As with all pets, cats rely on you for their care. Good nutrition, a warm place to live, good healthcare and plenty of love.
Ask at your Veterinary practice or Paw Pourri should you need any advice about the health and welfare of your cat.
Many thanks to Bev Truss for the following information and advice to cat owners. Bev can be contacted at www.petproblems.net
How to care for your Cat
The Male Cat is called a Tom
The Female Cat is called the Queen
Kittens become sexually active from 6 – 9 months.
Females will “Call” while in season for 4 – 7 days then she will mate.
In the UK it was found that queens would cycle between Jan and Sept with peaks of sexual activity in Feb, May, June, and occasionally Sept. The non-breeding season may last from late Sept till late Jan.
Gestation (pregnancy) is 63 days (range 61 to 69 days). After the birth of a litter the average interval before the next “call” is 8 weeks (range 1 to 21 weeks). The interval depends on the age at which the litters are weaned and upon the time of the year the litter was born.
Number of Kittens per litter 4-5 (range 1 – 9).
Kittens will be 90% weaned at around 6 weeks and fully weaned and ready to go to a new home at 8 weeks. You may need to supplement the Mothers milk by using special kitten formula; this is available from good pet shops and at your Veterinary Surgery.
Kitten weaning food is ready available to start them off while feeding from Mum and should be fed between 4 to 16 weeks then onto normal kitten food. Adult cat food should be fed at around 9 months. DO NOT give kittens or cats milk as this is high in fat and lactose and may cause diarrhoea. Cat milk is available as a treat.
Vaccinations should be given at 9 weeks with a follow up booster at 12 weeks, followed by a yearly booster for life. Vaccinations should cover Feline leukaemia, flu and enteritis all of which are killers and keeping up to date with the yearly boosters may save your cats life.
The kittens should also be wormed at vaccination times and once per month until 6 months then every 3 months after. Use a good wormer that will treat for roundworm as well as tapeworm e.g. Drontal Cat
Neutering and spays are done at 4-6 months depending on the maturity of the kitten. Sutures are removed from females 10 days after their operation although male cats do not have stitches. Cats may get fat when neutered/spayed and it would be advisable to cut the food a little to prevent obesity and related problems in later life. If you are keeping your cat as a pet; neutering and spaying is the sensible kindest thing as this will prevent unwanted kittens and the heartache of trying to find good homes for them.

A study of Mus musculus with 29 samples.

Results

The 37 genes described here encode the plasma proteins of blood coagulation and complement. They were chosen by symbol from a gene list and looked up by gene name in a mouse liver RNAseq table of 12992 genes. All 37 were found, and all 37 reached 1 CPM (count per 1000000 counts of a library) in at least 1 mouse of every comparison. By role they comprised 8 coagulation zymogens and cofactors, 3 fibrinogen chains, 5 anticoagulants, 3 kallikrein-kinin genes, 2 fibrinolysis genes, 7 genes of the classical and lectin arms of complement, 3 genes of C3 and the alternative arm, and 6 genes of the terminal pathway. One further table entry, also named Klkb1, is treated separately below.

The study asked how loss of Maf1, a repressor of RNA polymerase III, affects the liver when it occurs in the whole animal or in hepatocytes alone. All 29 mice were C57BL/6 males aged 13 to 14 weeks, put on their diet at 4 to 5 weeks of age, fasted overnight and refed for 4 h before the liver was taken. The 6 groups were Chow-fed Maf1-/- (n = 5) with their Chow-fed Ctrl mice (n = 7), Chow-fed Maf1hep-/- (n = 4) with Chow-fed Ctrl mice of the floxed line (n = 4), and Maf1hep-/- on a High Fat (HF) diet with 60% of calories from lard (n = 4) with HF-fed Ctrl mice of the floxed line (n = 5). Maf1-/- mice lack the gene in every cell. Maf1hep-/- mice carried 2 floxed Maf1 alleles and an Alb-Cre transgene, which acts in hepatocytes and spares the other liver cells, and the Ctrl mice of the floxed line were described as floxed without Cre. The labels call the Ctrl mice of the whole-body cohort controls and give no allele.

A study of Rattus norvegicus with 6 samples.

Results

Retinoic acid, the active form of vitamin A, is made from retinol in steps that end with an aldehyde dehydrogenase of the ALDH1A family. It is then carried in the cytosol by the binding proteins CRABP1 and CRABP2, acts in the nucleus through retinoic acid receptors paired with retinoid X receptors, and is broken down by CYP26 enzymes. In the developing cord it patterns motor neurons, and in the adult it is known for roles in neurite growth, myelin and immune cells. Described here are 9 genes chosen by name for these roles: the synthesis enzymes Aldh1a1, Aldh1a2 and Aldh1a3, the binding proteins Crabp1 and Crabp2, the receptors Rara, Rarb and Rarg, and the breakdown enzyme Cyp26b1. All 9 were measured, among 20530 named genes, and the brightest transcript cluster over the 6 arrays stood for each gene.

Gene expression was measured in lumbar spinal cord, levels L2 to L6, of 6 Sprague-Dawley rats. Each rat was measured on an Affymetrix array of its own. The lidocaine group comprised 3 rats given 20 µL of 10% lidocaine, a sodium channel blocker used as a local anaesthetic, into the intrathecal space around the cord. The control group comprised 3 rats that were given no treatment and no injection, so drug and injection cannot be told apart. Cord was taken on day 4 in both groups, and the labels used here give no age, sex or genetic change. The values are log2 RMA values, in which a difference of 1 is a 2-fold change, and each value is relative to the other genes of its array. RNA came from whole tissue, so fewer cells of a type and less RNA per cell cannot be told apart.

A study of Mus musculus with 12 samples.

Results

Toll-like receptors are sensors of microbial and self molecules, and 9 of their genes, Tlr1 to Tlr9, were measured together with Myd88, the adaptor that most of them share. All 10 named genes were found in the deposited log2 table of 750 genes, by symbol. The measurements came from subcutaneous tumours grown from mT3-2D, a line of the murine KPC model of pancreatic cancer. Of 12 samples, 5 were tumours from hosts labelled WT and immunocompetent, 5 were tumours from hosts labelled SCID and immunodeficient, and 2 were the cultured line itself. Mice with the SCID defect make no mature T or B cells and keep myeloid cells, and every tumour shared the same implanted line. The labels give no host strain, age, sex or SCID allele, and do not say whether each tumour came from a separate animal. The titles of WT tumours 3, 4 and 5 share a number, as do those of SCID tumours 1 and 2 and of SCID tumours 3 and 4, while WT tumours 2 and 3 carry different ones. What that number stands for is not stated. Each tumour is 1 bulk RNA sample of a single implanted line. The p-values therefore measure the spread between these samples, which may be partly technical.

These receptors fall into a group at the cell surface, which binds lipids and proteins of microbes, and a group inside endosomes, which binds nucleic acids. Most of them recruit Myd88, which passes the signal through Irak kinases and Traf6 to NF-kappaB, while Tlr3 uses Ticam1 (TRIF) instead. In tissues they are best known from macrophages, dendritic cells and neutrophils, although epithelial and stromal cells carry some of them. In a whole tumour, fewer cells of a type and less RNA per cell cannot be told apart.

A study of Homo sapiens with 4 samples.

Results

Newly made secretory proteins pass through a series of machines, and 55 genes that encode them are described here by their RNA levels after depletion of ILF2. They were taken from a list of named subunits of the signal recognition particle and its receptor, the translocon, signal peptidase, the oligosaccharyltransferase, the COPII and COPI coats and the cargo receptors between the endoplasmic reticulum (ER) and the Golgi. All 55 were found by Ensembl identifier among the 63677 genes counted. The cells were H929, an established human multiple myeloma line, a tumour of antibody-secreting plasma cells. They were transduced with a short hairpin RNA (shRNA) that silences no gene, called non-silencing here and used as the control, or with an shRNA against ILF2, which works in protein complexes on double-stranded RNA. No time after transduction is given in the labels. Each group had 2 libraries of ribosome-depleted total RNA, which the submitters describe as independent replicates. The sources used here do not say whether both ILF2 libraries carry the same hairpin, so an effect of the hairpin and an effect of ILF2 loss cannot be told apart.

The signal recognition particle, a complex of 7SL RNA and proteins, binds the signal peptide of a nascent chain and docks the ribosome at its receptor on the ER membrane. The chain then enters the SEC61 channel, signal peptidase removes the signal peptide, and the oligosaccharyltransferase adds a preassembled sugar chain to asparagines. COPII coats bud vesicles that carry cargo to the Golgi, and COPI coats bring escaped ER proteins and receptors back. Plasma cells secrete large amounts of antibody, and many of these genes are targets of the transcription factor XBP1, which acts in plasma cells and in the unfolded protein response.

Flea control is important to prevent Flea Allergy Dermatitis. Some cats are highly allergic to the flea saliva resulting in sore skin and hair loss. This can be distressing for the cat so a good flea treatment should be used every 4 – 8 weeks e.g. Frontline, Advantage, Stronghold which are all easy to administer and are available from your Vet.
Ear mites can be a big problem for cats. They cause a black waxy discharge from the ears. The irritation will cause the cat to shake and scratch at the ears making them bleed in some cases. An injection and eardrops from the vet will get rid them.
4th National Feral Cat Awareness Week
10th – 17th August 2013
The aim of the week is to highlight the plight of feral and stray cats in our communities and promote trap/neuter/return as a humane effective solution to stop their uncontrolled breeding.
We want to find the best way to help these cats, who find themselves hungry and homeless through no fault of their… own. Many have been dumped by their owners, or left behind when their owners moved house or passed away. Some are lost. All are trying to survive as best they can
This website contains all the information you need to help these cats.